While not quite as glam as the passenger who had an Emirates 777 all to himself, this is still pretty cool.
Air India Amritsar to Dubai flight has one passenger
Air India’s flight 929 from Amritsar to Dubai this past Wednesday, June 23, 2021, was pretty special. The flight had just one passenger, 66-year-old S.P. Singh Oberoi. The roughly three hour flight was operated by an Airbus A320 with the registration code VT-EXE.
Singh says he paid only 740 AED for his flight, which comes out to ~$200 — that’s quite a deal for “chartering” a plane with 168 seats (the plane is in a one-class configuration, so there’s no business class). Singh said he “felt like a maharaja” during his travel, and that he “measured the length of the plane by [his] steps.” The pilot apparently greeted Singh as he boarded, and he was given “royal treatment,” while of course documenting the flight with plenty of photos (though I thought India banned picture taking on planes?).
Upon landing in Dubai, Singh had to undergo coronavirus testing, and suffice to say the ground staff were surprised when they learned he was the only passenger:
“I underwent a PCR test at the airport. The airport staff asked me about my co-passengers, and they’re surprised to know that I was the only one on the flight.”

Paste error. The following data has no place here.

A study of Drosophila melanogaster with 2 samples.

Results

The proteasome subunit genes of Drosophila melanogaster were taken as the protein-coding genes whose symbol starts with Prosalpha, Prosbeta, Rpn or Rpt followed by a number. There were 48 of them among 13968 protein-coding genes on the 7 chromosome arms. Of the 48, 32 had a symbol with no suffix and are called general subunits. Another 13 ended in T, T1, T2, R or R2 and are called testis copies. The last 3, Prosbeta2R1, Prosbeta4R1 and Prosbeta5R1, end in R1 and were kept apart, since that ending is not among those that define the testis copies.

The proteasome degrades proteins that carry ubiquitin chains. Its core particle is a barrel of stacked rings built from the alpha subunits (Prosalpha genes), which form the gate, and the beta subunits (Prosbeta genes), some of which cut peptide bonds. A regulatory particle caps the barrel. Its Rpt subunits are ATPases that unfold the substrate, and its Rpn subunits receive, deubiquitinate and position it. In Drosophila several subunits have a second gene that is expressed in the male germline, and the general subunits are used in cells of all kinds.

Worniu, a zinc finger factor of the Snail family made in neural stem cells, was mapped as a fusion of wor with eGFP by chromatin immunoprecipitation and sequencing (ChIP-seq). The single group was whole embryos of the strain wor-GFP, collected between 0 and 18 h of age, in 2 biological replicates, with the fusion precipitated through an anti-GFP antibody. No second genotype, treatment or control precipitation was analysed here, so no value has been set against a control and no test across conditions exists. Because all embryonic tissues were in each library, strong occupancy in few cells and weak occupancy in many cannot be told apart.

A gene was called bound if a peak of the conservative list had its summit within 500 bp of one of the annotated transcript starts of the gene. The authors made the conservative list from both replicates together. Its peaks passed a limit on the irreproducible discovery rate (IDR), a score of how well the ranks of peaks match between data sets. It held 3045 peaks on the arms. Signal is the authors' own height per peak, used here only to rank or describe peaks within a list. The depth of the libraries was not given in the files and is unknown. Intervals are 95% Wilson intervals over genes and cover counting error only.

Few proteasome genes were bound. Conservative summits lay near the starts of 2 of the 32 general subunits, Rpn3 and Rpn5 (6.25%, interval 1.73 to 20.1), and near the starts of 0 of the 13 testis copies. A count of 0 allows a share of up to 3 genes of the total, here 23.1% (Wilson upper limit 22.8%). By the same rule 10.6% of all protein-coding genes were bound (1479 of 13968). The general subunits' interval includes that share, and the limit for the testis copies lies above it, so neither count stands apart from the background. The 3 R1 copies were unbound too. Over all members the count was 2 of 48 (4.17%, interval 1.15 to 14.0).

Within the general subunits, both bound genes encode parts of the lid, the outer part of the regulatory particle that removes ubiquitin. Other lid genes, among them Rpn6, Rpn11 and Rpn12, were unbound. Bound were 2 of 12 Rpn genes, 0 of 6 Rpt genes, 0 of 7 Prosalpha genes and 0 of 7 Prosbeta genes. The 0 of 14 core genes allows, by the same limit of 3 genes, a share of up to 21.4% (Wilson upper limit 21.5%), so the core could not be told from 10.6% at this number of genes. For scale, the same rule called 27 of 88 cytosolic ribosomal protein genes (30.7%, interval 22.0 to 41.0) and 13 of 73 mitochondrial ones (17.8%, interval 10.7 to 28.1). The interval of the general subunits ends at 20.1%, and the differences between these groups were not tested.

Why was this flight so empty?
This isn’t the first Dubai-bound flight in recent weeks to have only one passenger onboard, so what exactly is going on? Since April, the United Arab Emirates has had a travel ban against India. Exceptions have applied for:
- Citizens of the United Arab Emirates
- Holders of a “golden visa”
The golden visa is essentially a 10-year United Arab Emirates residency permit for select businesspeople. These visas are rare, as they’re also pricey. In order to get a golden visa, you need to invest at least 10 million AED (~$2.72 million) in the UAE. This can come in the form of putting money into an investment fund in the country, establishing a company with at least that much capital, etc.
As you can imagine, not that many people have a golden visa, which is also why Singh likely had the flight to himself.
The next logical question is why an airline would bother operating a flight if there’s so little demand? There are a couple of things possibly at play here:
- While the flight to Dubai may have been empty, it’s possible that the flight back to Amritsar was full, as there’s no travel ban in that direction
- Nowadays airlines are carrying significant amounts of cargo, so it’s possible for a flight to be profitable even with limited passengers
A traveler from Amritsar to Dubai had quite a special flight when he found that he was the only person on an Air India Airbus A320. This situation likely unfolded because of the UAE’s travel ban against India, though there’s an exception for those with a golden visa, which this particular traveler had.
While I’d say that having an Emirates 777 all to yourself is a bit cooler, this still seems like an awesome experience!